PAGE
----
NOW THAT Measure 91 has passed, it's worth examining the fresh challenges awaiting those in the cannabis industry. First, consider that this is an industry started and developed by outlaws. These are people who have spent years, if not decades, working and living in the shadows. Because of their source of income, most have been unwilling to open bank accounts, apply for charge cards, or generally undertake actions that could establish credit records and ratings. Perhaps the good folks at American Express would accept "weed dealer" as a profession on a credit card application, but few wished to find out.
It's true that these individuals developed certain skills that were invaluable in the underground market. But as things evolve toward legalization and regulation, it raises the question of whether there's a place at the new canna-business table for those who have been historically part of the underground weed economy.
To be a legitimate contender in the developing legal market, the "outlaws" are at a distinct disadvantage. Their competition will be primarily new "big canna" business: investors from well-financed venture capitalist firms and hedge-fund operations. You have to wonder if people who have worked largely by and for themselves, making their own rules, are down with having every aspect of their activities being heavily scrutinized. It's asking a great deal from anyone, much less someone to whom the term "issues with authorities" can be charitably applied. They face competitors with greater resources, established connections, and greater experience in starting and maintaining a legal business.
In Oregon's current medical marijuana program, profiting is strictly forbidden. It leaves the dealings between the grower, patient, and caretaker somewhat vague. That won't be the case with the emerging recreational market. It's likely we'll see a divide grow between traditional cannabis producers and those who see pot strictly as a commodity to be bought, sold, and marketed like any other. It's doubtful, for example, that the new wave of ganjapreneurs is going to consider providing low- to no-cost medicine to those in need.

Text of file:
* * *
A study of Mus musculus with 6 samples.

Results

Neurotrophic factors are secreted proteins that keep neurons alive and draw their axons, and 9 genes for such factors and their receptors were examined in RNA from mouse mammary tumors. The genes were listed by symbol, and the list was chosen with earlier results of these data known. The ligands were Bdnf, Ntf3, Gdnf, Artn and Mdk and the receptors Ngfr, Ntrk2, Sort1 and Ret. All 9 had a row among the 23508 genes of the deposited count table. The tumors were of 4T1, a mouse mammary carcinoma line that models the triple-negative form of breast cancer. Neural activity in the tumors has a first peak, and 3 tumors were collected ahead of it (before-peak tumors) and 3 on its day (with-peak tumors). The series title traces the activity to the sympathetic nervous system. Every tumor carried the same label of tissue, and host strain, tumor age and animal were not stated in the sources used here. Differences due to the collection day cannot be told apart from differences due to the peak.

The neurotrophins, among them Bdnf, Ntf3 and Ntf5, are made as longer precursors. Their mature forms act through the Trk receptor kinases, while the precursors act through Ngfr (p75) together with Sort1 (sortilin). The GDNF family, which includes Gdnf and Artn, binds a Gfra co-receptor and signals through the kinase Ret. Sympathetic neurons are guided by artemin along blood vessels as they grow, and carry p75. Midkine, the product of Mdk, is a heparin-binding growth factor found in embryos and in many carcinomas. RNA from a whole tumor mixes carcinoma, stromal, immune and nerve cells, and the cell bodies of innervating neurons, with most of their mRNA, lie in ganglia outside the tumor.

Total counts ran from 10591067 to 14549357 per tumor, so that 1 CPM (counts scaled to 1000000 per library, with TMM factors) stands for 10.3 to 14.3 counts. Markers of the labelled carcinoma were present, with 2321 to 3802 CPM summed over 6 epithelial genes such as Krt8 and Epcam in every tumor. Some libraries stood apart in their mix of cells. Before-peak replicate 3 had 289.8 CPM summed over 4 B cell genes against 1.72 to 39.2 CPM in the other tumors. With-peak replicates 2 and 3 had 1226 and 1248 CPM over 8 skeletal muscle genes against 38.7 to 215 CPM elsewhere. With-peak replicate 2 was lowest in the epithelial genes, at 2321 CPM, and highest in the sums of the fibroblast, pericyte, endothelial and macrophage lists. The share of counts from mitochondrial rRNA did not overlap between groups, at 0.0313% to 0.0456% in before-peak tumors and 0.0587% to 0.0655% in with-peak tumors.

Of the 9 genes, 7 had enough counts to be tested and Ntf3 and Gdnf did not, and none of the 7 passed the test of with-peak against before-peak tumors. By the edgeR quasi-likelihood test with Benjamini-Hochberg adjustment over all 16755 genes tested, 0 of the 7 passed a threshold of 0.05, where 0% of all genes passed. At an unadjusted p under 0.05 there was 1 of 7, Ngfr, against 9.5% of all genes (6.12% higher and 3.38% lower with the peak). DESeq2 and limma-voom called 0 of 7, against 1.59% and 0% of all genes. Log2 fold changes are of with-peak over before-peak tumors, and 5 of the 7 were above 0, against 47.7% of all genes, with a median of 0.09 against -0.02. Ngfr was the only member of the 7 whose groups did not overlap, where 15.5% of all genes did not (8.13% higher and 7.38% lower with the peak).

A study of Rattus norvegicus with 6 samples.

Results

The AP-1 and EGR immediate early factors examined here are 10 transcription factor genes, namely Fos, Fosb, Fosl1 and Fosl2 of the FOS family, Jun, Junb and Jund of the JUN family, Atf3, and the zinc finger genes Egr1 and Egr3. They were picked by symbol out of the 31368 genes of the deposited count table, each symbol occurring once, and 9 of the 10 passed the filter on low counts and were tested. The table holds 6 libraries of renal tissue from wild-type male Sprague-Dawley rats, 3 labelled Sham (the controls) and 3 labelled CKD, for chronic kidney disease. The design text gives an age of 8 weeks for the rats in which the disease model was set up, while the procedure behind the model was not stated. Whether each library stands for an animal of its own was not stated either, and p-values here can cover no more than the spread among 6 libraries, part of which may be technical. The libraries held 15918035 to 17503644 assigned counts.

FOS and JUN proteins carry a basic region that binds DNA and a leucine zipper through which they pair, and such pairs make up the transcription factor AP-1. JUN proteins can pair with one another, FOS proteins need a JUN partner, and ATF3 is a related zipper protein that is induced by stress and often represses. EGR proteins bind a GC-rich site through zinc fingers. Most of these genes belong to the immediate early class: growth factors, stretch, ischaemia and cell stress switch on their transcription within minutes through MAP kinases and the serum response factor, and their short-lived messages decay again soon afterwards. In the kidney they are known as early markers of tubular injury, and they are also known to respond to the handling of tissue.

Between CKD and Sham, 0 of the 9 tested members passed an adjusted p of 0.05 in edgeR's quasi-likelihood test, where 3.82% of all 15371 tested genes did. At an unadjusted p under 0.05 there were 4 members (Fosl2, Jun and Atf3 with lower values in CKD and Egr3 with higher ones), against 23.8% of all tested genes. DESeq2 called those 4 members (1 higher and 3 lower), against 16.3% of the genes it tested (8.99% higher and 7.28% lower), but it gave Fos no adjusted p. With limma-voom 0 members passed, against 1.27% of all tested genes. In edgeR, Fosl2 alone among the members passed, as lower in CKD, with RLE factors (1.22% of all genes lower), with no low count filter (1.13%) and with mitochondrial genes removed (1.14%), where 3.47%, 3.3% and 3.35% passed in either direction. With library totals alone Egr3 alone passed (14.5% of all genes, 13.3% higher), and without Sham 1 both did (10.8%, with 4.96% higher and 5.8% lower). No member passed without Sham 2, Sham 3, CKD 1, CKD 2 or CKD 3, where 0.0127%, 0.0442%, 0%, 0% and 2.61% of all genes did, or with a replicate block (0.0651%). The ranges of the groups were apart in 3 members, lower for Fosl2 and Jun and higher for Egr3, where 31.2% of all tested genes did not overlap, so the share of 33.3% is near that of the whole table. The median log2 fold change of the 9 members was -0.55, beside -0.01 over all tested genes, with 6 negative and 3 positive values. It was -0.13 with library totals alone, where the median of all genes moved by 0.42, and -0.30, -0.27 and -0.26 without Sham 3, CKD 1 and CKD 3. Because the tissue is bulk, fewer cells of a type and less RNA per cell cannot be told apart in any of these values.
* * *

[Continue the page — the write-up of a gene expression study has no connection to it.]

On the other hand, there are benefits of a regulated market. Testing and quality control ensure a safer product for users. Competition forces a better array of products and pricing.
The greatest asset to established growers and providers is their long and involved knowledge of the product. But in order to maintain a place in the developing market, they'll also need to take on new skills: strict bookkeeping practices, managing cash flow, package design and marketing, developing brand awareness, launching and maintaining a social media presence, and so on. Someone who has chosen to live in relative anonymity for years or decades may have trouble adjusting to a "Look at me, everyone!" business mindset.
Weed is going to be commodified and commercialized in Oregon, and the best-case scenario for the future market is for it to resemble the existing coffee and beer industries: larger, branded providers coexisting with smaller craft purveyors. In order for that to happen, experienced growers and dealers need to make sure they don't get sidelined by deep-pocketed investors who smell another gold rush on the West Coast.